Ann Crotty Writer-at-large
Jayendra Naidoo. Picture: ROBERT TSHABALALA
Jayendra Naidoo. Picture: ROBERT TSHABALALA

Jayendra Naidoo, the chairman of Steinhoff Africa Retail (STAR), says, in the unlikely event that Steinhoff decided to sell its entire 77% stake in STAR, there would be little difficulty in placing the shares with institutional investors.

In 2017, Steinhoff injected its holdings in Pep, Ackermans and JD to form STAR, which was listed on the JSE in September.

Selling its STAR stake at the current market price would generate about R60bn for cash-strapped Steinhoff.

In the past few months Steinhoff has sold stakes in PSG, raising R7.1bn, and in KAP Industrial, raising R3.7bn.

Naidoo was speaking after the group’s first annual general meeting, at which he told shareholders that Steinhoff had indicated it might sell a small block of STAR shares. However, he said "there was no indication it would be significant".

One trader said it was frustrating that there was still so little news about the extent of the problems at Steinhoff but, given all the uncertainty, the market believed that anything was possible. The sale of its STAR stake was "a definite possibility".

During the meeting, shareholder activist Theo Botha raised concern about the hefty amount of goodwill — R2.2bn — included in the R3.35bn purchase of Tekkie Town from Steinhoff. He said a transaction in November 2014 had valued the company at R1.7bn.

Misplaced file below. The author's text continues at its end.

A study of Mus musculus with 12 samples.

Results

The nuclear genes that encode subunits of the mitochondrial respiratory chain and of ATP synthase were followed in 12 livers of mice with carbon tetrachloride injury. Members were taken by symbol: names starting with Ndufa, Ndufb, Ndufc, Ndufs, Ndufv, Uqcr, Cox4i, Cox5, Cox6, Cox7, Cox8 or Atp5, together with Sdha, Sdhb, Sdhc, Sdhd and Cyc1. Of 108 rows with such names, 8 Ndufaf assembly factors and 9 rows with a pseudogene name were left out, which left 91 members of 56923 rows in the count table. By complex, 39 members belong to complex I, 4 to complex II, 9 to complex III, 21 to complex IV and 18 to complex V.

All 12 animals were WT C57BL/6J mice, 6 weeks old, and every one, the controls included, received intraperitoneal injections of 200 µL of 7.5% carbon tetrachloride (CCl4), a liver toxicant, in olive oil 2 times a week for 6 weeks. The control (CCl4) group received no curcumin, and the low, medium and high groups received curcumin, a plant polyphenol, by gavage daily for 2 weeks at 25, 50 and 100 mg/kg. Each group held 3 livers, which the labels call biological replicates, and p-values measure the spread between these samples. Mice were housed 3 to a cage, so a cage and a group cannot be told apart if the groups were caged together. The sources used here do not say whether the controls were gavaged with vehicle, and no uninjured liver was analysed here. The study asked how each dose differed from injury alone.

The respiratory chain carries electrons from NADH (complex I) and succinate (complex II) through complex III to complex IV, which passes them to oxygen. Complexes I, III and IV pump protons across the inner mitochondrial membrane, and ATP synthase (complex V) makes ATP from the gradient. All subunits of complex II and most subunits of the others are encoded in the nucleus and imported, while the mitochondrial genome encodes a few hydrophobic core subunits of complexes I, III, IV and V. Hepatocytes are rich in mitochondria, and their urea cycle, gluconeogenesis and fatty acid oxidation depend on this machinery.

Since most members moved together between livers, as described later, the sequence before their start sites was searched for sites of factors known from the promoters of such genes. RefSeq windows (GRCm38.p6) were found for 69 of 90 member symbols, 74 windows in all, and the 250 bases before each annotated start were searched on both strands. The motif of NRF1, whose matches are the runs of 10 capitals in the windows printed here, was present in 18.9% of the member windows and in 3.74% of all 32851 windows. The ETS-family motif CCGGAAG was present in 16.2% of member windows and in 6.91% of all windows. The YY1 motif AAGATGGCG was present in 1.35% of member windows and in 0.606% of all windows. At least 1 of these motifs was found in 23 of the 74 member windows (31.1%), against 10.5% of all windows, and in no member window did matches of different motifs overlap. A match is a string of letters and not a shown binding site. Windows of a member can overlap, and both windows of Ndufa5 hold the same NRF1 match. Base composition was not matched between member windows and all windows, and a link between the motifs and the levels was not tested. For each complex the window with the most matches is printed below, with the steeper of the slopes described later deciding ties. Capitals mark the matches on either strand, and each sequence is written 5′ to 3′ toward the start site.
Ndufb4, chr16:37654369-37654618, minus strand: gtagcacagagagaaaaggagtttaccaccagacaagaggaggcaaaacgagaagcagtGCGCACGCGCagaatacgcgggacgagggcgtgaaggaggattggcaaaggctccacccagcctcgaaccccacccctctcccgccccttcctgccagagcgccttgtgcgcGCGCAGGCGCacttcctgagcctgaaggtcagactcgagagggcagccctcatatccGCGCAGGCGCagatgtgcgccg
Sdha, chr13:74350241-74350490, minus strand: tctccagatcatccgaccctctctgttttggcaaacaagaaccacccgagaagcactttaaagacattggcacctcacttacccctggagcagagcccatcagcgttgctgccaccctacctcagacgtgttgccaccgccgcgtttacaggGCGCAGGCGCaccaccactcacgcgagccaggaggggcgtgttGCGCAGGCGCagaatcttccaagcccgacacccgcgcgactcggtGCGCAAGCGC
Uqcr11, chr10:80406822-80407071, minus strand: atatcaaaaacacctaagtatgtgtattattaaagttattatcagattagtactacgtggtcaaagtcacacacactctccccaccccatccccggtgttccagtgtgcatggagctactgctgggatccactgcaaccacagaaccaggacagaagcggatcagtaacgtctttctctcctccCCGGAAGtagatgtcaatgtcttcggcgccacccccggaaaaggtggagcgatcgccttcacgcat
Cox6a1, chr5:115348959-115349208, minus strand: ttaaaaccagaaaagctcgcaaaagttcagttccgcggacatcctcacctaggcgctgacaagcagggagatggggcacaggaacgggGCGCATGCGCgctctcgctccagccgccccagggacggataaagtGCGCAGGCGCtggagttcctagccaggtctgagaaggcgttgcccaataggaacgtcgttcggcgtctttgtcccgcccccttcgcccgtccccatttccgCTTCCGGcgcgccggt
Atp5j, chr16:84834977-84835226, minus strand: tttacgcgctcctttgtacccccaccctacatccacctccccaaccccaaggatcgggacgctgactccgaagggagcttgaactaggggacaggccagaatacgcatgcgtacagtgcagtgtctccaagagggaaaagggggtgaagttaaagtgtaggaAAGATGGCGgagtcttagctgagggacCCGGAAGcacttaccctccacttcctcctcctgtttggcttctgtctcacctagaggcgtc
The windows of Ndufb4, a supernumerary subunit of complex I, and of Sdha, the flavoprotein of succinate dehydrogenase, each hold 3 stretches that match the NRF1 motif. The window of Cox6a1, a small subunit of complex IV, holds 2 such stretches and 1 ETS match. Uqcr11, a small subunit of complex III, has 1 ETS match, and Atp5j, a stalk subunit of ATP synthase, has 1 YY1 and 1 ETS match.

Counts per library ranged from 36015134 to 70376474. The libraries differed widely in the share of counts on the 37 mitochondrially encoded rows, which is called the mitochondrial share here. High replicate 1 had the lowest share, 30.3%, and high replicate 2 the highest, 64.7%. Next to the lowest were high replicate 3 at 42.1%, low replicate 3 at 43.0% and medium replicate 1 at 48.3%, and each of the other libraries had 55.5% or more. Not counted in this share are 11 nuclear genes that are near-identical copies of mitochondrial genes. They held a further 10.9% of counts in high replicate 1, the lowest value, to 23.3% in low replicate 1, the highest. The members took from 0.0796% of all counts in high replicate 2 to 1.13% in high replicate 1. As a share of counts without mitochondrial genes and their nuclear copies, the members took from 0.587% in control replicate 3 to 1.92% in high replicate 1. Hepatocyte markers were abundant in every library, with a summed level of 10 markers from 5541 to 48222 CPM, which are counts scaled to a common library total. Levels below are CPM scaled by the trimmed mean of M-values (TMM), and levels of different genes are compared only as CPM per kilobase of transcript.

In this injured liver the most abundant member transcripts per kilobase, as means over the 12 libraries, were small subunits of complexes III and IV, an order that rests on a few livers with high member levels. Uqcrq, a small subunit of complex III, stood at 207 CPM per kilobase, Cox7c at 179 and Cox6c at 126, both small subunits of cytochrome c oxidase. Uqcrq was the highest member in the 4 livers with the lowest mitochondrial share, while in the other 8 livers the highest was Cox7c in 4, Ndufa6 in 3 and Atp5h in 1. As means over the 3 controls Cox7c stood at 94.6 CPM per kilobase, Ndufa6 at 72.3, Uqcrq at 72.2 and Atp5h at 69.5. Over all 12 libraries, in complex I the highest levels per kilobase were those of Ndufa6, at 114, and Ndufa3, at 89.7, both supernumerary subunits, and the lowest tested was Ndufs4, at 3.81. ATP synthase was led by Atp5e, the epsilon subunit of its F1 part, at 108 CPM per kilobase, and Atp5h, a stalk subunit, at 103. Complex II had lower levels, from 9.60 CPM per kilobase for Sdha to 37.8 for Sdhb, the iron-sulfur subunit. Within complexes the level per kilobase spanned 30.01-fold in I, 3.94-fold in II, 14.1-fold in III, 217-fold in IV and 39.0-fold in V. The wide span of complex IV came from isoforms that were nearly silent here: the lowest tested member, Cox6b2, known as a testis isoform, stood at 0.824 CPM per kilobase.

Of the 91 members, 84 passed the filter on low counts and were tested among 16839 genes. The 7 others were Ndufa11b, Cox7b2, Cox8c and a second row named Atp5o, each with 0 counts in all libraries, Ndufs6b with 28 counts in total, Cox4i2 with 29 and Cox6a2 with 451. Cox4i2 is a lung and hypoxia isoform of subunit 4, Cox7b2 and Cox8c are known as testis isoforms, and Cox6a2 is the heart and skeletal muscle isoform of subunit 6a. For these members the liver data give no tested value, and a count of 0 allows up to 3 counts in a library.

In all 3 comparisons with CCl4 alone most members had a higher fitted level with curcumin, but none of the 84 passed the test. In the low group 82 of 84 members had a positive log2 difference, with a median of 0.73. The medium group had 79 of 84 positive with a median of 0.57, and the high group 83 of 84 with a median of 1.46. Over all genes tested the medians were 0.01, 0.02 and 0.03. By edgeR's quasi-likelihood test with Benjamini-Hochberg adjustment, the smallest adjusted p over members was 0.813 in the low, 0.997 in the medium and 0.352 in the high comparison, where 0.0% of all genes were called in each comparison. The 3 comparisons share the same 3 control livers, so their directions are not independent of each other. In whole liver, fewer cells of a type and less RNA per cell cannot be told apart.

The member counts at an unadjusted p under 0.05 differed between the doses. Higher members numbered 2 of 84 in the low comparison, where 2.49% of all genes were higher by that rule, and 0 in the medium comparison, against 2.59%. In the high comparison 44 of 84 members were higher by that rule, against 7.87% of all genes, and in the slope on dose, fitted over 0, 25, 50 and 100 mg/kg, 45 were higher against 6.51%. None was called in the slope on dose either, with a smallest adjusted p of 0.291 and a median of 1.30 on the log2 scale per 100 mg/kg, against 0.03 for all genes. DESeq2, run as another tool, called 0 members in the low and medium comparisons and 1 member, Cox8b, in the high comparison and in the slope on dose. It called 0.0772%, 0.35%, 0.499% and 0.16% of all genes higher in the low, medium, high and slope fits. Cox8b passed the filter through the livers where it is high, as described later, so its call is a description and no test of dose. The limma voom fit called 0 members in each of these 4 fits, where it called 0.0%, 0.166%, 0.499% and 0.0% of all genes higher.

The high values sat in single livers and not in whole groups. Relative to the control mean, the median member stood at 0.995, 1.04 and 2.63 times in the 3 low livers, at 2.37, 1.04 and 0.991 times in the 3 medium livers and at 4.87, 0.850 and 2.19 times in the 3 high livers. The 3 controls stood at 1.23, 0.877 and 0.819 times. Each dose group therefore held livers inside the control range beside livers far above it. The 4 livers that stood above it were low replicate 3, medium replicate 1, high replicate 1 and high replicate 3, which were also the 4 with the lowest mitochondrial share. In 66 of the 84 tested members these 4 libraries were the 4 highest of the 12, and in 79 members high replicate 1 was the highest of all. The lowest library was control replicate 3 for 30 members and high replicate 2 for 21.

In 2016 Steinhoff bought 42% of Tekkie Town from private equity firm Actis and the remaining 58% from Braam van Huyssteen, who founded Tekkie Town and was subsequently appointed chairman of STAR’s property committee.

Shortly after the 2016 transaction, Van Huyssteen, who is reported to own 175 horses, told journalists he had bought a share in a horse with former Steinhoff CEO Markus Jooste.

"Markus had just purchased my business, we’d become friends and the least I could do was take a share in a horse with him," said Van Huyssteen.

STAR CEO Leon Lourens told shareholders at Thursday’s meeting that Tekkie Town had been acquired as part of the formation of STAR.

He said based on its performance, the board believed the R3.35bn price tag for the footwear chain was reasonable.

During the meeting, directors made several references to the need to distance the company from Steinhoff.

"Since December our priorities have been to distance STAR from Steinhoff and make ourselves financially independent," Lourens told the meeting.

He said the refinancing of Steinhoff loans was expected to be completed by the end of March, at which stage the cross-guarantees would be cancelled.

"When this is completed we will be much better off," he said.

Naidoo said a name change was under discussion and he hoped there would be a new name for the firm before the 2019 annual general meeting.